What Is a Casino?

A casino, also known as a gaming house or a gambling establishment, is a facility for certain types of gambling. It is often built near or combined with hotels, restaurants, retail shops, and cruise ships. Some casinos are also known for hosting live entertainment events such as stand-up comedy, concerts, and sporting events.

The precise origin of gambling is not fully known, but it is believed that in most societies people have entertained themselves through games of chance. The most popular casino games are dice, card games, and table games such as roulette, baccarat, and blackjack. In addition to these games, many casinos offer video poker machines and other electronic games.

Because of the large amounts of money handled within a casino, there is always the potential for patrons and staff to cheat or steal, either in collusion or independently. In order to control these risks, most casinos have security measures in place. These include highly trained employees, sophisticated surveillance systems, and cameras that monitor every table, window, and doorway.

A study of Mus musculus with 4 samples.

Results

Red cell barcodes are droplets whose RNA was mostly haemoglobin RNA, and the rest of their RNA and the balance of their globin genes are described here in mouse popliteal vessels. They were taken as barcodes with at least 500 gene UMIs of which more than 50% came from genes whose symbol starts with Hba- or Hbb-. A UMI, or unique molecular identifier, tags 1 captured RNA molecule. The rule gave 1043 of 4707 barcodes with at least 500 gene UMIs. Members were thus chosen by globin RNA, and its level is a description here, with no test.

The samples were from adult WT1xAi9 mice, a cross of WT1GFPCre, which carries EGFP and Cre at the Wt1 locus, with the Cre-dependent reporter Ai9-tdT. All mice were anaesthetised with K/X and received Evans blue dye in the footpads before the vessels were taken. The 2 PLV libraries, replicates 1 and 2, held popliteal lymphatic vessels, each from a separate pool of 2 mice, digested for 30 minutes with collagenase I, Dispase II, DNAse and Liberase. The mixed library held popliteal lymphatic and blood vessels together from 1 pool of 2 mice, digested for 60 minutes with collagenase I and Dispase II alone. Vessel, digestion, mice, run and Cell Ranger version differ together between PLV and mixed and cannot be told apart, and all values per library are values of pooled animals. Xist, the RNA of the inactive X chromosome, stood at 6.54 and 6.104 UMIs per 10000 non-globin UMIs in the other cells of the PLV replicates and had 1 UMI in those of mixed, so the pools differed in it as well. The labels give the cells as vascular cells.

In the past, many casinos were run by mobster families, who used them to launder their criminal profits. But as the business became legalized and regulated, legitimate businesses bought out the mob’s stake in the casinos and ran them without the Mafia’s taint. Today, some of the world’s largest casinos are owned by hotel and casino chains like Caesars and Hilton, which have deep pockets that allow them to invest in high-tech surveillance and other security measures.